May 15, 2020

Business creates a world of exposure and lifelong learning. It influences decision-making, enhances development, and forces execution. Entrepreneurship builds confidence and awareness. This is important for children. Not only is teaching entrepreneurship a good idea but it holds fundamental skills that could enhance the educational and social curriculum. Entrepreneurship teaches a skillset, that if acknowledged and practiced early, could impact a child’s future and the impact they make on the world. The entrepreneurial mindset helps children learn the essentials of confidentially selling themselves and vocalizing ideas. This enhances communication and teaches the art of persuasion.

Educating your child on the direct relationship of their current curriculum and how it relates to entrepreneurship can make all the difference in your child’s mindset as it relates to building their future. With benefits including flexibility, non-capped profit potential, and many more, informing your child of being their own boss could drive a rerouting of their goals and dreams. Being able to think imaginatively and beyond what is seen is important and teaching entrepreneurship helps a child think without limits and unlock their potential.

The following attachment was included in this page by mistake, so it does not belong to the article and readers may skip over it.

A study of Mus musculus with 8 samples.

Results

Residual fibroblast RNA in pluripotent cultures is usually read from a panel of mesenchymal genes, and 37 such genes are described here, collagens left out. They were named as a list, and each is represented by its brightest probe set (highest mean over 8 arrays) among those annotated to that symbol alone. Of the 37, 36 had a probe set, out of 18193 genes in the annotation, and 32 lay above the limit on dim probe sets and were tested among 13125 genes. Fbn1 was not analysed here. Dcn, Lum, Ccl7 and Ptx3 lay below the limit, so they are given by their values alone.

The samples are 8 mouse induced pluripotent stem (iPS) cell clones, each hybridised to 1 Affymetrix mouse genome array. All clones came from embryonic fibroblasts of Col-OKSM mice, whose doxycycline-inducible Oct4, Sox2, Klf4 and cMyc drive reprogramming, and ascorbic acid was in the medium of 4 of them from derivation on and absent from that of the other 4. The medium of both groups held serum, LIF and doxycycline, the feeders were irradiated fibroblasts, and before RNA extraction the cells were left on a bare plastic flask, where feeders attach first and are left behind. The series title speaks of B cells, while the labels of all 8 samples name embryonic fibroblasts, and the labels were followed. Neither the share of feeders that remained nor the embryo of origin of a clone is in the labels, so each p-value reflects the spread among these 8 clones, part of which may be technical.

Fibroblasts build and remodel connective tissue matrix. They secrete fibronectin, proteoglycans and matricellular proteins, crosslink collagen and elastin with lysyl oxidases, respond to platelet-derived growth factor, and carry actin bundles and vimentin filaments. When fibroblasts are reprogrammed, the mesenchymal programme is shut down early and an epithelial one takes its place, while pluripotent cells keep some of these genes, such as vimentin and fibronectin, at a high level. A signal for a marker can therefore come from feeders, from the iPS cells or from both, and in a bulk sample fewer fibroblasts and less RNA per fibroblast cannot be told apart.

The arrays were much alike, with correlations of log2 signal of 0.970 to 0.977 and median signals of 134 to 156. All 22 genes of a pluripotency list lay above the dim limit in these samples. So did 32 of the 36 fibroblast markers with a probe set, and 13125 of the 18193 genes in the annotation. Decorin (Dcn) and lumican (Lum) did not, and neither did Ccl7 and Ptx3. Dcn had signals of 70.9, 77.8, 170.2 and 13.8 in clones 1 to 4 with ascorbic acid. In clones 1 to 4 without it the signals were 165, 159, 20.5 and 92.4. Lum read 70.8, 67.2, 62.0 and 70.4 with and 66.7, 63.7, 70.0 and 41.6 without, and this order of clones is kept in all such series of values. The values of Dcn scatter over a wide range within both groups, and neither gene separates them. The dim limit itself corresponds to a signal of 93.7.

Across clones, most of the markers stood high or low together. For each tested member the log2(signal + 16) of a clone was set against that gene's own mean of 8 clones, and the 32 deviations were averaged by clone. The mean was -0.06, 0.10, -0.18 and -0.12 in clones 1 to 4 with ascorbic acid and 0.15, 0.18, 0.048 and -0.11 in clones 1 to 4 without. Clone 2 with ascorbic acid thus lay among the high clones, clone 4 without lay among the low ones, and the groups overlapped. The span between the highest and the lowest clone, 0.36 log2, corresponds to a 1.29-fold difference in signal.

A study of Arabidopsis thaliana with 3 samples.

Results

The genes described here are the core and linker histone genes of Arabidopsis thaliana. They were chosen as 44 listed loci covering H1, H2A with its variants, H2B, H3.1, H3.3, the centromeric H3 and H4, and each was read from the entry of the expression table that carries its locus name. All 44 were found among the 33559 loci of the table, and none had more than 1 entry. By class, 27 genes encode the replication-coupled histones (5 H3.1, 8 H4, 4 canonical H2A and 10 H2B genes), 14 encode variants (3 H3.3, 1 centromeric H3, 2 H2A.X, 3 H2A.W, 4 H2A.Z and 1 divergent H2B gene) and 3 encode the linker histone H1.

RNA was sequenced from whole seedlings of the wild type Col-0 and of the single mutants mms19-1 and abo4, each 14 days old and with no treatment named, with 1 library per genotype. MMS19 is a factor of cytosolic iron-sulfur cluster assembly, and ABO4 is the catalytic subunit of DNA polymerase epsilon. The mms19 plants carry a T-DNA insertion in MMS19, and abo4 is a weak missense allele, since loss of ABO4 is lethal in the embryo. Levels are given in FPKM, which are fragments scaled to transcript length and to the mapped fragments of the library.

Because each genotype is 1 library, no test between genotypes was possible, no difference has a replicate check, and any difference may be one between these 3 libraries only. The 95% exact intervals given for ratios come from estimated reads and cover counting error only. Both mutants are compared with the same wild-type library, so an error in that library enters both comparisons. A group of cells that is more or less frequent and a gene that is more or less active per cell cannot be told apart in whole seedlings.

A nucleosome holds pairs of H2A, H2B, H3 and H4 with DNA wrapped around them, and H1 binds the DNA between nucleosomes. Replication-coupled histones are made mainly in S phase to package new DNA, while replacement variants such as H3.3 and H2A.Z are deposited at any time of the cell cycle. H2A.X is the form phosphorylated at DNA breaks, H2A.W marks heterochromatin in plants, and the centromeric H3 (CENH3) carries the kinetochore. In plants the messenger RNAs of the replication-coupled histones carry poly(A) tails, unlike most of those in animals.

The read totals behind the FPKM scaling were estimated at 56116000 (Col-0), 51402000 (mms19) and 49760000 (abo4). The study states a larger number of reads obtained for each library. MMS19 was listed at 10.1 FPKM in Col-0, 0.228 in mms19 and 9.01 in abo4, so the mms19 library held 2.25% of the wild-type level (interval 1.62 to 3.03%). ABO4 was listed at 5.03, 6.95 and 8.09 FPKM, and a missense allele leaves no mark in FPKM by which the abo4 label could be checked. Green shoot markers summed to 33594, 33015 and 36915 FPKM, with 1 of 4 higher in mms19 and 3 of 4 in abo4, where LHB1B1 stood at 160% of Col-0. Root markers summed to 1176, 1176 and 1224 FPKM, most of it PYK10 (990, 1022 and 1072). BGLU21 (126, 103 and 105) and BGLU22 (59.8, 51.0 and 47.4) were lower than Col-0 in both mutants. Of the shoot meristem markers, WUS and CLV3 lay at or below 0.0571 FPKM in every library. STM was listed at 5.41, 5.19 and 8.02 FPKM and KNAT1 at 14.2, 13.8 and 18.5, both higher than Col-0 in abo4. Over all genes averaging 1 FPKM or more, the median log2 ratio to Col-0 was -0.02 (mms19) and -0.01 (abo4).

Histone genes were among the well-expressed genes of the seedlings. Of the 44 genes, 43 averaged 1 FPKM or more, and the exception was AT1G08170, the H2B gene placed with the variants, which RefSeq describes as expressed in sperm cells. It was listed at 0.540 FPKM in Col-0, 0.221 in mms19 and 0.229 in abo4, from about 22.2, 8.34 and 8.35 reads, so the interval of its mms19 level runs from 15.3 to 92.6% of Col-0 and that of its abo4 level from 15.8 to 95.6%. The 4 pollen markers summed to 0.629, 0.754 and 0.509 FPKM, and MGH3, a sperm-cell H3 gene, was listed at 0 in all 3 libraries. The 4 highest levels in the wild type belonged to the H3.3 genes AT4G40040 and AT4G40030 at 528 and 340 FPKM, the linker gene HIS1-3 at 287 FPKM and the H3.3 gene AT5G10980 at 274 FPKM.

Let’s take a moment and think about where and how kids spend most of their time. Almost every child, despite age, loves the internet. Whether its watching YouTube videos, online gaming, or creating TikTok’s, they love it! This is where you come in! Maybe instead of limiting screen time, you maximize the time being spent on screen. This doesn’t mean allow your child to be on social media all day. This means, incorporating business lessons that go along with the time they spend on social media and engaging in conversation that could be beneficial in the way they think, the things that interest them, and how they view social media. Maybe they follow someone on Instagram and aspire to be like them. That’s a conversation and learning opportunity. Dive into why they like this person and find them interesting, then decipher the ways in which they could achieve whatever that aspiration or interest is. For example, the Instagram star is famous and has one million followers. “Hey son, I see your fav has one million followers. Do you know how they became so popular? This person achieved their following by creating the latest sneaker design that was purchased by Jay Z.” This changes the narrative of the influence and conversation. Therefore, not necessarily focusing on the “following” on social media but giving the credit to the mind of the business that was created and the execution of the star. 

Tactics as such change the narrative of entrepreneurship and displays that its success is something that is in reach. It influences conversation about your child’s future. Not all are made for entrepreneurship, however, gaging that interest early can encourage premature brainstorming and willing execution.